It is highly unlikely that any single, non-trivial application will be able to independently contain within itself all necessary functions. Instead, it must communicate and interact with other pieces of software in order to obtain data, process it, and send it elsewhere. This becomes especially true of any piece of software that depends on the Internet for its operation. As a means of standardizing these interactions, software must implement application programming interfaces (or APIs) which define exact types of input they can accept and output they can generate.
Web APIs are the way for outside programmers to build new tools for using a website and its services, besides what the site itself provides to a user through a web browser. They also allow independent network services to communicate information to each other. Popular examples include mobile phone applications for posting pictures, blogs, or status updates to a web service without having to load a full web browser.
Sometimes, a walled garden owner provides an API to let “others” make some of the attractions in the garden, and get access to their users and perhaps some of the data lying in their silo in return. This enriches both the garden and the attraction owner, so it’s a common strategy that brings a steady influx of eager third-party developers to Facebook, Apple’s App Store and other popular closed platforms.
On the face of it, a website that publishes an API and allows other websites and applications to connect to it and avail themselves of its services would seem to fit the very definition of an “open” Web. For certain, the existence of APIs do appear to allow developers (and by extension users) more choice about how to access and interact with their favorite online services. APIs also allow developers to build novel new applications on top of existing online services.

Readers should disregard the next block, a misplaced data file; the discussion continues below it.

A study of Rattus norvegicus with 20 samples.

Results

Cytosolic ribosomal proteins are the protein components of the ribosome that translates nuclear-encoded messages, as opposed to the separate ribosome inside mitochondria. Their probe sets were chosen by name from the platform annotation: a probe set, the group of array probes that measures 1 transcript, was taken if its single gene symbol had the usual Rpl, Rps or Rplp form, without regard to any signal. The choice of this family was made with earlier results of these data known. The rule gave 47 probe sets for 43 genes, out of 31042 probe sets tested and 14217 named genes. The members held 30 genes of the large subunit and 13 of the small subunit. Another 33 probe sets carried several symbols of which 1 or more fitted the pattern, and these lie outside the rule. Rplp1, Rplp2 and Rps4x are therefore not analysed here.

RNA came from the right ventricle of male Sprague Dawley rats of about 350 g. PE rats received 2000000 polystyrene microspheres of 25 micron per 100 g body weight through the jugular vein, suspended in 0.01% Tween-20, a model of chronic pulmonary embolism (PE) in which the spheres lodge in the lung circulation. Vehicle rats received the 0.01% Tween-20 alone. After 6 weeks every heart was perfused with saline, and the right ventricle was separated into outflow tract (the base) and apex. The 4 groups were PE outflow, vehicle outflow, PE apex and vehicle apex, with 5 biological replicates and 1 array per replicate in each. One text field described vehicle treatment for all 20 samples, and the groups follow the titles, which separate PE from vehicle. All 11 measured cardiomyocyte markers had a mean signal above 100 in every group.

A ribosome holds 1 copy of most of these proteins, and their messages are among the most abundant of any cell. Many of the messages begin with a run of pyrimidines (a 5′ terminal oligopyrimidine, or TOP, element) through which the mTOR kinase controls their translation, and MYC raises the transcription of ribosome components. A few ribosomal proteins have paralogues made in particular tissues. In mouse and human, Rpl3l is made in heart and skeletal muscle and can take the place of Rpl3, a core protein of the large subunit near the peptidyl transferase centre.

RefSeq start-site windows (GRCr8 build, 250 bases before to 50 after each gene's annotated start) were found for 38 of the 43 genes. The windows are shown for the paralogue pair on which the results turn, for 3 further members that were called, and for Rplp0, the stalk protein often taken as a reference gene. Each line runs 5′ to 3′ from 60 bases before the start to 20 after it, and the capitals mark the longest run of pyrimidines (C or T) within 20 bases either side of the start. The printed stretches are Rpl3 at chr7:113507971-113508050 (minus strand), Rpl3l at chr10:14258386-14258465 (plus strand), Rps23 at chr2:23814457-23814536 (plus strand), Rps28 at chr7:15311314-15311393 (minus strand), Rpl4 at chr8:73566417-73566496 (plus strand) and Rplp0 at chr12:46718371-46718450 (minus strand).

Although Web APIs are in their own right publicly defined, they are far from published standards in the strict sense, namely as open and public standards put in place by a neutral entity such as the World Wide Web Consortium (W3C). Instead, APIs are created entirely at the whim of the website that provides them. They can change at any time, and there is no guarantee that they will provide the functionality that the user might need or request.
There is usually also no easy way to use a program written for one API on another website. For example, the desktop client for the an online radio service last.fm1 does not mirror that of services of other music sites like Pandora or Spotify. In other words, the APIs to not use publicly vetted standards to transfer data, and most often, developers have to program applications anew for each platform. The exception to this would be the APIs built into popular open-source content management systems (CMSes) like Wordpress, MediaWiki or Drupal, so they work for most of the many sites using them.
As one example among many, an entire ecosystem of third party websites and applications has grown up around the Twitter API. So much so that the company has revealed that 75% of its internet traffic comes through its API rather than its website. While this has allowed users a constellation of choice about how to send and receive messages from Twitter, it has nevertheless put developers and users alike at the mercy of the single company providing the service: Twitter. Keep in mind that the company is under no contractual obligation to continue to make its API available to anyone. If it cancels access to its API, all of those business and users that rely on it are left hanging.